The Highland Central School District has been undergoing administrative transitions throughout the past year. Deborah Haab, superintendent over the past eight years announced her plan to retire June 2017.
The Board of Education appointed Thomas Bongiovi as interim superintendent in October. A month later, Peter Harris, Highland High School principal took a new position at Ulster BOCES Hudson Valley Pathways Academy resulting in William Zimmer appointed as his replacement. The district is currently interviewing candidates to fill Haab’s position as Bongiovi remains an active interim in the meantime.
The first BOE meeting was held regarding the Highland district with Bongiovi on the 18th of October. During the meeting, Bongiovi thanked faculty and staff as well as community members for their welcoming support. “From the moment you walk into the buildings, and just being around town, you can really feel the family atmosphere here,” Bongiovi commented. “And that creates such a great learning environment for students.”
In reference to the long-standing connection the district maintained with the Rotary Club, Bongiovi made note of his own membership with the group during his first week as interim. He also noted a priority he finds essential is to maintain communication between the community and the school district.
“In my first few months I have spent a great deal of time meeting with my administration, staff members, district leaders and members of the community,” Bongiovi stated. “It is important for me to gain their perspective regarding the Highland Central School District and what we need to focus on moving forward.”
In addition, Bongiovi commented on his efforts to concentrate on understanding local culture with a focus on understanding the financial status, academic position and overall operation of the Highland district.
He also stated that the school district has taken on a proactive role towards combating national substance abuse. Bongiovi’s five-step prevention and drug education plan designed for each grade is underway, including presentations given to over 20 classrooms across grades 4-6 given by Philip Roloson, police Sergeant, and Chief Daniel Waage. Presentations with grade levels 7 and 8 will be held in January 2018.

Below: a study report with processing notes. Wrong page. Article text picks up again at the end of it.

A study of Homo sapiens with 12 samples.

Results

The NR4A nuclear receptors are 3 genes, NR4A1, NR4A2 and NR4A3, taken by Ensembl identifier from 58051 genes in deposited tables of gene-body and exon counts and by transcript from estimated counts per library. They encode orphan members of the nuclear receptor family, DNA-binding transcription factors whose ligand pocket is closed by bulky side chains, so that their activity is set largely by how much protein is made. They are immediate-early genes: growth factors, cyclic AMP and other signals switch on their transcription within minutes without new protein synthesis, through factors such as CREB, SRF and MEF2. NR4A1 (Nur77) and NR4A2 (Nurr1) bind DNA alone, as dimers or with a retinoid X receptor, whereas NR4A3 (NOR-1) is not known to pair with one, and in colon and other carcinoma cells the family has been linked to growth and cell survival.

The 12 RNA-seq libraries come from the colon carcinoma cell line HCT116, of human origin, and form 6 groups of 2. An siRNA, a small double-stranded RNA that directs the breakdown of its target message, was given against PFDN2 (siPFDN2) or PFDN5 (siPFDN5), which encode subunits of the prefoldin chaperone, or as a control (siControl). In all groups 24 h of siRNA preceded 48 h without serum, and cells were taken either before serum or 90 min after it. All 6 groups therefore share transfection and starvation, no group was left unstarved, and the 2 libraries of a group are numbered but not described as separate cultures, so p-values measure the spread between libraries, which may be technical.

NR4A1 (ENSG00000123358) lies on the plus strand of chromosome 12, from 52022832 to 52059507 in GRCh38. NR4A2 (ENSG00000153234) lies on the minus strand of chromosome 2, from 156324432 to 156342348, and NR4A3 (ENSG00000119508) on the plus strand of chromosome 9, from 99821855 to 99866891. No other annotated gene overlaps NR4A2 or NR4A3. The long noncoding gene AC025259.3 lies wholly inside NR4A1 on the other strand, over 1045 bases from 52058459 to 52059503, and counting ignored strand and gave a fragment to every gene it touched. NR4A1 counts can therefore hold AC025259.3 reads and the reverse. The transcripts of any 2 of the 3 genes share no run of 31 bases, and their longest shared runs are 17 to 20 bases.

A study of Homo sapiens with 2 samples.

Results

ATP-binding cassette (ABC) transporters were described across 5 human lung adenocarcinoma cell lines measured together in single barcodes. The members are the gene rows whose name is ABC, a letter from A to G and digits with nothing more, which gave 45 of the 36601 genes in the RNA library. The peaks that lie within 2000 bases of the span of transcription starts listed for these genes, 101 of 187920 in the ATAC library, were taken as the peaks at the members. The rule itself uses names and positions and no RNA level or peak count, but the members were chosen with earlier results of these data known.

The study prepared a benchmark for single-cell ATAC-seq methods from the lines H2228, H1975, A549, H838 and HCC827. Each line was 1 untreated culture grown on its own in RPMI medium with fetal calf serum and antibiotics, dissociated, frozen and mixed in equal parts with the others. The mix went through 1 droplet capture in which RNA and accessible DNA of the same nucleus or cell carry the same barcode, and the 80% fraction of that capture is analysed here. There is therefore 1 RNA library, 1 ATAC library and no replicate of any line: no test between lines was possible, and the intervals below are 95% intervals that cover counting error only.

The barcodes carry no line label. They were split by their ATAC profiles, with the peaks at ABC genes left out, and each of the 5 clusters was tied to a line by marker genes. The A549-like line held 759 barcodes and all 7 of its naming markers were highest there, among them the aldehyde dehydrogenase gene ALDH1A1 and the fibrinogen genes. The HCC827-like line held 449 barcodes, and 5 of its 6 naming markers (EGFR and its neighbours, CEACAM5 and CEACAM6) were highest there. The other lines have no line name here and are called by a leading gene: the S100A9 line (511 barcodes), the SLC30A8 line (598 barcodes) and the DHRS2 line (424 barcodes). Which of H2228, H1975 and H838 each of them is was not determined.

The next stage of this drug education and deterrence strategy will involve training all staff and faculty in the district regarding the use of a particular drug used to reverse effects of drug overdoses called Narcan. According to Bongiovi, 37 employees already completed their training, with additional training programmes planned to take place in January.
Craig Vedder, New York State Trooper, will attend faculty meetings as part of the third step in order to discuss symptoms and signs of drug abuse followed by presentations for students.
The fourth and fifth stages will include the development of age-appropriate awareness programs for all grades from Kindergarten to 12th grade as well as urging community-wide collaboration through the development of a coalition holding members from the community, district, local organizations, as well as county agencies, to facilitate drug prevention and education efforts.